This week my cover story in Globe Drive looks at the future of the good, ol’ internal combustion engine as a key part of the “green” drive in personal transportation.
Make no mistake, gasoline and diesel engines will be around for a long, long time into the future.
I spent less time looking at vehicle design as a vital element in squeezing out increased fuel efficiency, as well as lowering vehicle emissions. Design was not the focus of the story.
However, design is a huge part of the green future of the automobile. A story this week in The Wall Street Journal does a nice job of honing in on what General Motors is doing here.
The Journal notes that when GM began working on the 2013 Malibu three years ago, which by the way was shown in April at the New York auto show, the engineers and designers chose to make the back end and tail lamps shaped in ways that increased fuel economy by one tenth of a mile per gallon over the current car. Call it a 21st century green take on form following function.
This Malibu will hit showrooms early next year. Take a close look because what you see in the design is the sort of thing GM’s rival auto makers are doing, too. As I write in Friday’s cover story (watch GlobeDrive.com for the story tomorrow), car companies are scrambling to meet 2016 fleet-wide fuel efficiency standards slated for 6.63 litres/100 or 35.5 miles per gallon U.S.. Design is playing its part, along with power train technology and weight reduction.
“In the case of the Chevrolet Malibu, GM engineers spent three years on changes that eked out at least five miles a gallon, creating a car that will go at least 92 more miles on a tank of gasoline compared to the current model. Slicker aerodynamics were just part of their bag of tricks. Lighter materials, such as an aluminum roof, and computer-controls that shut off the engine when idling and open and close grille vents also were part of the mileage boosters,” notes The Journal.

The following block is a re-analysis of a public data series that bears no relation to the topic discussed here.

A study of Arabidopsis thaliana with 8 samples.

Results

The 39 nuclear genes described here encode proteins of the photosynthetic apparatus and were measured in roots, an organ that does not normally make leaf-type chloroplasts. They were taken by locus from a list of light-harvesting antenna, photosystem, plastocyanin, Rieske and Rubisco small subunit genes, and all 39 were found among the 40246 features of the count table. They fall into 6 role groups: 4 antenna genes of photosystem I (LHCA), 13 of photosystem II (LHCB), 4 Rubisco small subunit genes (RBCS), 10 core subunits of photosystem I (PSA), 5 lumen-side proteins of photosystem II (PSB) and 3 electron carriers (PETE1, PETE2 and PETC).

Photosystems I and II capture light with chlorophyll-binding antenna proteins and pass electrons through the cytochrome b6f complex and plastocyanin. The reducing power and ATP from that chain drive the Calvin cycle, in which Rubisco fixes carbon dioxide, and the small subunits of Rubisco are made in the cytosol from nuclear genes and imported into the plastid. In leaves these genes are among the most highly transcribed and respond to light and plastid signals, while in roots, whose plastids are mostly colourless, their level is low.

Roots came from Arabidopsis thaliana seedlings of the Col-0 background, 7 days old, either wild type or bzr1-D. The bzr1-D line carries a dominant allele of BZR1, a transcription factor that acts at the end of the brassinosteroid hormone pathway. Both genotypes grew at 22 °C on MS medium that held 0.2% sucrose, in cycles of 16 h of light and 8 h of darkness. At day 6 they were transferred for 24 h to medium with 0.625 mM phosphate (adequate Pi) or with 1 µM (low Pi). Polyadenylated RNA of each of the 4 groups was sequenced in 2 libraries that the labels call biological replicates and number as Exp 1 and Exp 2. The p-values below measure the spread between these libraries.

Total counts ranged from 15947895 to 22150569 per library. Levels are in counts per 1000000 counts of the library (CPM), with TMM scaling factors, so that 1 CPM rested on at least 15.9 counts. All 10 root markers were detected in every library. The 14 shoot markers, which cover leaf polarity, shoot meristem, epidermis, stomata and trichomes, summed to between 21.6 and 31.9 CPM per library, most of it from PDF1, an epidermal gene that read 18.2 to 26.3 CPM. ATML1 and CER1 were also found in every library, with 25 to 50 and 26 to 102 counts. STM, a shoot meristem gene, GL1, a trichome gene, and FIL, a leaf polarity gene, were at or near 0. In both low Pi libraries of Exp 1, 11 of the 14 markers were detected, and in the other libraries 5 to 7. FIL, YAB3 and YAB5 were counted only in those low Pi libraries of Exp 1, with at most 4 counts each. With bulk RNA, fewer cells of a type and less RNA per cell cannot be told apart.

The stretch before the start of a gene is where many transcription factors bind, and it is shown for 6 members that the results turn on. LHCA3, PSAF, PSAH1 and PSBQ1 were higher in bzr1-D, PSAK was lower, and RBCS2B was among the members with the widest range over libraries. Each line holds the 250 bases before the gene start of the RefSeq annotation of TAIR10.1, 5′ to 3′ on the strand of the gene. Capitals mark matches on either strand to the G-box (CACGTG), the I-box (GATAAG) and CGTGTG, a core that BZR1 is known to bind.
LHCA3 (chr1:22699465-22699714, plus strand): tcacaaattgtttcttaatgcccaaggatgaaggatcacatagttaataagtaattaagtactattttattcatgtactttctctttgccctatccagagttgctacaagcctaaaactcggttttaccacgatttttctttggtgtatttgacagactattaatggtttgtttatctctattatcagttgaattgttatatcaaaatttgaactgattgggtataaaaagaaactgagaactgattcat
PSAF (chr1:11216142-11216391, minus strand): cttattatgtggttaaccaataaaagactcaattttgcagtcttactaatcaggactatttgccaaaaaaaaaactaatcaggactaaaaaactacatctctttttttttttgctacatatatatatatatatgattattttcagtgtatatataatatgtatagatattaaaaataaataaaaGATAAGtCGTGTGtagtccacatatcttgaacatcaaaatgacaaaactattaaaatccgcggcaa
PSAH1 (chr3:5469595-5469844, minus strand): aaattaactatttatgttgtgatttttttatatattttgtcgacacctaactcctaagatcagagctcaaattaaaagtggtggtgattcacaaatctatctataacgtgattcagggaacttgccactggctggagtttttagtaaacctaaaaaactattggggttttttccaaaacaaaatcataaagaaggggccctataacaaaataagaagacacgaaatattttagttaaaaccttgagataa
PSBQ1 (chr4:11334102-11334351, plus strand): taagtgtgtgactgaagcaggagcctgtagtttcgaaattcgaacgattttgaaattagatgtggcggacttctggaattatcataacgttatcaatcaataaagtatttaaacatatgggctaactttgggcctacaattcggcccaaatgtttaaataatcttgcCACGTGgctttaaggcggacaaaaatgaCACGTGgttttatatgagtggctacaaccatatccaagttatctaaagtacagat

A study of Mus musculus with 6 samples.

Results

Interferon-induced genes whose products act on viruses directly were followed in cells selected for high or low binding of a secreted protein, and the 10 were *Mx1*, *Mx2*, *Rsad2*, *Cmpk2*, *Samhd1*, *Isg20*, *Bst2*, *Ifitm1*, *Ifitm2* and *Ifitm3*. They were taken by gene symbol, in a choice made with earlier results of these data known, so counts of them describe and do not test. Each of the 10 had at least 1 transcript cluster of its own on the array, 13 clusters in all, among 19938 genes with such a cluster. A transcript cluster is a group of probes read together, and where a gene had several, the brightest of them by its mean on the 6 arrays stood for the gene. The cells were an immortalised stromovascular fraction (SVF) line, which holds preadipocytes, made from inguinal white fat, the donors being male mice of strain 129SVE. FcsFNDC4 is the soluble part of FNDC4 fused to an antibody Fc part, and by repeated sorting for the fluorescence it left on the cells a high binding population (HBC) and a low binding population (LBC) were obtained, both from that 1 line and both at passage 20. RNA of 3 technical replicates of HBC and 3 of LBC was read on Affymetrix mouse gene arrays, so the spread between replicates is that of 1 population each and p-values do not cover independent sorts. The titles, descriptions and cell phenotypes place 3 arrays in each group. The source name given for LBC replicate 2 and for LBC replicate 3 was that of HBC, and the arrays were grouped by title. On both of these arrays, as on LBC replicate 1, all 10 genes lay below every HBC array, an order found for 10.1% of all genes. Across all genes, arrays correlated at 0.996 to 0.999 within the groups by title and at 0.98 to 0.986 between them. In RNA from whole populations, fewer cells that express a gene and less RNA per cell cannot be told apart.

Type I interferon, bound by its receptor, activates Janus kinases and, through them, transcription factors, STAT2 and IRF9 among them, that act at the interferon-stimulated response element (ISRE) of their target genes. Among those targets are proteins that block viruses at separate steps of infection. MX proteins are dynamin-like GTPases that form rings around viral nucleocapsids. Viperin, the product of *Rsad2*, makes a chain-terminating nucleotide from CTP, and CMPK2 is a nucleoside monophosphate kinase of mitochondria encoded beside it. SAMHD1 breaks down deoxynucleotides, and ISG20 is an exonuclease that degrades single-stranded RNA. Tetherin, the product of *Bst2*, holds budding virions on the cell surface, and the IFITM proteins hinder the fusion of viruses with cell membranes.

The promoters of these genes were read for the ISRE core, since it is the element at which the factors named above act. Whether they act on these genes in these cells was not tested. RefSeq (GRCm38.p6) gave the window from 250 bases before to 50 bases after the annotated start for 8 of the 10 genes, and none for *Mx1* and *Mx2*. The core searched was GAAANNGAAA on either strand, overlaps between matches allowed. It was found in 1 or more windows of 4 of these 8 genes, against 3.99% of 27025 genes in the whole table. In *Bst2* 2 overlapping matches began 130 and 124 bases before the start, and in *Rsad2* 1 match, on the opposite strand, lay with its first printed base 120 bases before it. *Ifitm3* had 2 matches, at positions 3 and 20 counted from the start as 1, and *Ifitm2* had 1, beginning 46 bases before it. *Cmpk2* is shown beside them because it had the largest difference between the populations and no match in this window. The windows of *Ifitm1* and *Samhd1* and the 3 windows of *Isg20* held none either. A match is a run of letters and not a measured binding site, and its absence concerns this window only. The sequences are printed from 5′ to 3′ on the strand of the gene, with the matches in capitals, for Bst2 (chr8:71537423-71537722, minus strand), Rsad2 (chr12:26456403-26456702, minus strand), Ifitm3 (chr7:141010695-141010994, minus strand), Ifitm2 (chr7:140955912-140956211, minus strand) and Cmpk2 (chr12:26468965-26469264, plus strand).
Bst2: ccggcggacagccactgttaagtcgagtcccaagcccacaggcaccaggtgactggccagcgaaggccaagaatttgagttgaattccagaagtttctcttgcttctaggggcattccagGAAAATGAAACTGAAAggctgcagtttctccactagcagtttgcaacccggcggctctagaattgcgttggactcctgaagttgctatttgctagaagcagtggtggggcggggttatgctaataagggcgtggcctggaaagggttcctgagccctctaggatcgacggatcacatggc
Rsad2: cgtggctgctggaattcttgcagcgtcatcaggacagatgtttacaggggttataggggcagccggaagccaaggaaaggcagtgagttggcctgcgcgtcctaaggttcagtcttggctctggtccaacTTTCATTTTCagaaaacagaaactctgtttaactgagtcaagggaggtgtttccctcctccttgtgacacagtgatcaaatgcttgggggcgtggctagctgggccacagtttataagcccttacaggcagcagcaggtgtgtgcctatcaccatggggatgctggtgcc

GM itself points out that lighter materials are at play in the ’13 Malibu. The 2013 Malibu won’t have a spare tire, either. If you get a flat, pull out the portable air compressor and the can of liquid sealant.
On the power train side, a new six-speed transmission and a smaller, direct fuel-injection engine improve fuel economy without sacrificing power.
An “Eco” Malibu will have GM’s eAssist, a standard feature on 2012 versions of the full-size Buick LaCrosse sedan with a four-cylinder engine and it will be an option on the mid-size 2012 Regal. Here, a lithium-ion battery pack and compact electric motor kick in when needed to provide acceleration power and recharge the battery when slowing down.
“We are concentrating on every detail of this car – it takes looking at every single gram and kilogram and every part of the car,” Tim Campbell, the Malibu's engineering manager, told the Journal.
Read about what many auto makers beyond GM are doing to meet fuel economy targets in Friday’s Globe Drive.